The use of ritual objects associated with many religious practices has always been part of all cultures, with obvious differences due to the specific conditions of each population.Typical of the ancient nomads groups of the Eurasian steppe is the use of the skull, usually human, but often also of goat or monkey: kapala in Sanskrit, in Tibetan thod pa. This tool, shaped like a cup or a mug, is a peculiar characteristic of Tantric Hinduism and Vajrayana Buddhism, that is, those currents which make use of an articulated complex of initiatory teachings addressed exclusively to a small group of followers.
The traditional symbolism of Hindu religion often represents different deities holding kapalas, usually in their left hand, the one of wisdom: Chinnamasta, wife of Shiva and incarnation of self sacrifice, compared to the Buddhist goddess Vajayogini, drinks blood from this small cup; also other important deities, as Durga, Kali and Shiva himself – in its cruel aspect of Bhairava, as well as in his Buddhist version, Mahakala, the Great Black- in their iconography are often represented with this mystic cup.
In the tantric practice of both religions the skull has a great symbolic value: when depicted with the deity, it indicates the acceptance of the sacred offer, hence the possibility of the devotee to see his prayers fulfilled; metaphor of impermanence, is synonymous with wisdom, self-sacrifice and great righteousness, brings in itself the concept of the Absolute seen beyond any image of dualism.
In Tibet, where the tradition of kapala is very much felt and to this day still transmitted, skulls are carved and decorated as real masterpieces, etched and carved in bas-relief, embellished with precious metals such as gold or silver and adorned with precious stones; they are mounted on pedestals to be showed and at the same time protected.
The kapala could be realized with either the complete skull or only with the upper part, ie the crown; but before being used the skull had to be consecrated.
The most represented motifs are obviously of sacred origin: such as Kali, the goddess of eternal energy, Shiva, creator and destroyer, the principle of all things, and Ganesha, a deity very beloved and adored for its ability to remove every obstacle.
The skulls were found in popular cemeteries, where corpses were left in the open air to be consumed by birds. This practice, now forbidden, is called ‘alms to the birds’, and is linked to the pre-Buddhist cult of the ancestors and to the practice of headhunting; a reminder of the impermanence of life, and of the futility of sensual temptations of the earthly world. From a religious point of view, this tradition is connected to the concept of the ascent of the soul, caught in the circle of perennial rebirth, in a continuous and incessant repetition. Surely, digging deep, further traces of such practice can be found in the ancient rites involving human sacrifices, normally practiced in the past.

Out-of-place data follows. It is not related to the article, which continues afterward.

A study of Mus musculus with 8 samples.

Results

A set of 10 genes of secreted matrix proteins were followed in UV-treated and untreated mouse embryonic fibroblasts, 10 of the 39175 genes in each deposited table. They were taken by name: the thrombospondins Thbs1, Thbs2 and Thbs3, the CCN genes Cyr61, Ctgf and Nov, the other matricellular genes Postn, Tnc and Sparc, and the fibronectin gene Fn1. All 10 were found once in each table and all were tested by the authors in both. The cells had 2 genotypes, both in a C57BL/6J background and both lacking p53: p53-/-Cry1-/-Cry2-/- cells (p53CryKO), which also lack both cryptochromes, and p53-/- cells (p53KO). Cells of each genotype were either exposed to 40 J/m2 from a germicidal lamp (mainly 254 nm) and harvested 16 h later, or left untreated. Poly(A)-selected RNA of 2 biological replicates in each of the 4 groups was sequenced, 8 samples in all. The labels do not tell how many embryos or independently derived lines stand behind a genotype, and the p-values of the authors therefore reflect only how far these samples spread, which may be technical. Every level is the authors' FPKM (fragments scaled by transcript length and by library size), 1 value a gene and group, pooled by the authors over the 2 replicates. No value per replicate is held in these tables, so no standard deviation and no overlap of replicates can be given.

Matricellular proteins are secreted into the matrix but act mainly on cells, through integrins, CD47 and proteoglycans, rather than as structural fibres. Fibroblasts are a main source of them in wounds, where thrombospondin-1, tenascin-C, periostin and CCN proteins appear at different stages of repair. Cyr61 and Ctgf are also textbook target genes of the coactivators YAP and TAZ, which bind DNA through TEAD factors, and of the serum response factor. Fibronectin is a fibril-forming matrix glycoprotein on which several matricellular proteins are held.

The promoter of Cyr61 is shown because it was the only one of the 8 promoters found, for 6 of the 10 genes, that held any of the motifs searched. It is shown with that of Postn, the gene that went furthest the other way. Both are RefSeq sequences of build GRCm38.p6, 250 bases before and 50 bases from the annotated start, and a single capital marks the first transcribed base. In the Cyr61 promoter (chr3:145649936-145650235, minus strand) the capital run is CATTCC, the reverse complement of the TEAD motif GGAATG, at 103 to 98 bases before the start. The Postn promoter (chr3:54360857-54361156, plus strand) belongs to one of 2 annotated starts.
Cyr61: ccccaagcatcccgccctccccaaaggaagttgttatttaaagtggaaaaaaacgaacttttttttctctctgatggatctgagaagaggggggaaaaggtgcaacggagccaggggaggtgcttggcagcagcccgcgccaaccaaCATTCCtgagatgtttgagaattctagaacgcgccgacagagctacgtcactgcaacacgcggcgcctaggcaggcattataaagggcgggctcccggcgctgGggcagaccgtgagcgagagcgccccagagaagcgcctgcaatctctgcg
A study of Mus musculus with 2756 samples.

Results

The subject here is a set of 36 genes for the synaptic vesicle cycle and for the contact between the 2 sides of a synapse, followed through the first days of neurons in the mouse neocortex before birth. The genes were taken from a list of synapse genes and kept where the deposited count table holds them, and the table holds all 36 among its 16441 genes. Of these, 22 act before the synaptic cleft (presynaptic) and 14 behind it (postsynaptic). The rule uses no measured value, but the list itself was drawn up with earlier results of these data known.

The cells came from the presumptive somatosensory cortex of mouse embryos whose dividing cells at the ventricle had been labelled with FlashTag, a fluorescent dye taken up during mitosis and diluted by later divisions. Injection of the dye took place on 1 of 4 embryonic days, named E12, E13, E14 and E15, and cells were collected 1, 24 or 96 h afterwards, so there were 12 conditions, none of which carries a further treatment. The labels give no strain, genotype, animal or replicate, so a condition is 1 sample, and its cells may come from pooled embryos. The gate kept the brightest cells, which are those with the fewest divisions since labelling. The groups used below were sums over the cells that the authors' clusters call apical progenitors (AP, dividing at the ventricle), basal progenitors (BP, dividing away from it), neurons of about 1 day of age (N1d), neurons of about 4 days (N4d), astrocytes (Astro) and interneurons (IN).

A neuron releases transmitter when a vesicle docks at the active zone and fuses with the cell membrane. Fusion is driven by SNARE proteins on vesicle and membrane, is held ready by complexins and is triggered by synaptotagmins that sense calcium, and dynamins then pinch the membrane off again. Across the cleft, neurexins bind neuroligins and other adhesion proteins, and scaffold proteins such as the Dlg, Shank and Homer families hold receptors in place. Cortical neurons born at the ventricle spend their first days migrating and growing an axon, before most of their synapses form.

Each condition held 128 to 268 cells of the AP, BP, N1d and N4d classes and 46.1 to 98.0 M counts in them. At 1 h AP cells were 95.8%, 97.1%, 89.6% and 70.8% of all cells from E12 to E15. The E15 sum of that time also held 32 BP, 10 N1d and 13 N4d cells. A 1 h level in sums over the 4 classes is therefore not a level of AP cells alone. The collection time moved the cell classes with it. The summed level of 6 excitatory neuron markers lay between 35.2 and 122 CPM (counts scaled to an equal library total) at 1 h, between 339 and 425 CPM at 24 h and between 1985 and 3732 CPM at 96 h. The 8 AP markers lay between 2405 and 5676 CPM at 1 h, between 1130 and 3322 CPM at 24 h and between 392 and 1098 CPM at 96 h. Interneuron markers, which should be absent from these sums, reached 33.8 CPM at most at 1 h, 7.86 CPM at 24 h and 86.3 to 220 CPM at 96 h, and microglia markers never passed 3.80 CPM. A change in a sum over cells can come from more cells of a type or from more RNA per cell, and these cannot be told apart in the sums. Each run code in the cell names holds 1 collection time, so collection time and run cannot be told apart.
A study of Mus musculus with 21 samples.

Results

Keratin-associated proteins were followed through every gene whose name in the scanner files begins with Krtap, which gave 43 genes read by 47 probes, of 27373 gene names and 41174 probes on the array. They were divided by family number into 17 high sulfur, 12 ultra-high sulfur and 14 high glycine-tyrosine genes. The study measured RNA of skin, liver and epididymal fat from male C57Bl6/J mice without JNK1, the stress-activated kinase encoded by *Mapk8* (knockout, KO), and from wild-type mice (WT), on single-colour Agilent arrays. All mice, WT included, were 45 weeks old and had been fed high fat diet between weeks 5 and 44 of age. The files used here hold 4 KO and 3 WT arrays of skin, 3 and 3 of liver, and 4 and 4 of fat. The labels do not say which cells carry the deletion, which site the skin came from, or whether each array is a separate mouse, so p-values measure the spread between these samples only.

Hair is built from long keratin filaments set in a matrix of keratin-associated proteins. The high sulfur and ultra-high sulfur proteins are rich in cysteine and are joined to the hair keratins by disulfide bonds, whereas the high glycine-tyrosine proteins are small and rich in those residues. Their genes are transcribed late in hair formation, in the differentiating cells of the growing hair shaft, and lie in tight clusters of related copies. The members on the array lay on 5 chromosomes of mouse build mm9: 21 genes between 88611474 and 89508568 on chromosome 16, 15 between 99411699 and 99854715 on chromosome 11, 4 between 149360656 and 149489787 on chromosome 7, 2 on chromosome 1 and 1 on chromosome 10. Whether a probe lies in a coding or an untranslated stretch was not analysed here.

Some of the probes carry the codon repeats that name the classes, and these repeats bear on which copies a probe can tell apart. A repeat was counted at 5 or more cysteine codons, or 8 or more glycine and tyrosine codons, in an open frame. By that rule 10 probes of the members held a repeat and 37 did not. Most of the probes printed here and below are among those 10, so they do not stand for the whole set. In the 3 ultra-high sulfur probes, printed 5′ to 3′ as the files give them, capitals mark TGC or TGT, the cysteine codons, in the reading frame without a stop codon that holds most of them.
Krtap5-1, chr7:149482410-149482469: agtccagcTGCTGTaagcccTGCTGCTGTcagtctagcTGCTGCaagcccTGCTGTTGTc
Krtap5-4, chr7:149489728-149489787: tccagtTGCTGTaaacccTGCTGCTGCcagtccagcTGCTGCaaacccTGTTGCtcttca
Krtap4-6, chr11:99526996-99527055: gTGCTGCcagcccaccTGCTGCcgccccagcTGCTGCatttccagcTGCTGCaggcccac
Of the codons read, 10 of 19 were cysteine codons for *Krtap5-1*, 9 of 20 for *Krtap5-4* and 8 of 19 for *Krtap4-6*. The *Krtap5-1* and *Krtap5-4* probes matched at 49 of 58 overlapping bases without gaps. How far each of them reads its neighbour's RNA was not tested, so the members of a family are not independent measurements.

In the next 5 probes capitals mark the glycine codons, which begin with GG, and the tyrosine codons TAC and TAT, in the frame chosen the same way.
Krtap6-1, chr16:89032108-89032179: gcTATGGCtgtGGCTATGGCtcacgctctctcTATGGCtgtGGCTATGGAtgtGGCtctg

Before using it, the skull was immersed in water to make it more malleable and therefore workable; in addition, as reported by ancient scriptures, the skull must possess certain characteristics in order to be transformed into kapala: there were eight marks, such as shape, color, the series of signs -both favorable and non- etched on its surface, and the number of parts composing it; and last but not least the feeling emanating from the skull itself.
The use of these bowls for alms, as they are also called, in Tibetan Buddhist monasteries is associated with the symbolic practice of the offer to the gods: they contain figurines created with flour and butter, called torma, in the shape of tongues, eyes, ears, etc. offered as a sacrifice in tantric rituals.
Depending on the content, the name of the bowl changes in ashrakapala if used for blood, mamsakapala if used for meat or food.
It is not important to know whose skulls kapalas are made with, the important thing is that they have not been stolen or acquired in a dishonest way; this would result in bad karma and bad luck.
Drinking from it would put us in a position to obtain knowledge and to deepen the personality of the person to whom the skull belonged.
Today, in Tibet the verbal tradition of tantric rites and of all the objects related to the Buddhist worship, is still very much felt and passed on, so that the new generations do not lose the memory of everything that the past has generated, and that have always been considered sacred and untouchable.
The skulls having become difficult to obtain, they were replaced by bronze copies, perfect reproductions regarded as authentic skulls.
Symbol of the death of the ego, the skull can be seen as a means, bridge and mediator between the world of the living and the world of the dead, a means to relate with people who existed before us. It allows us to know their qualities, strengths and weaknesses and to intercept all the karmic force of the deceased, still present and intense in the kapala.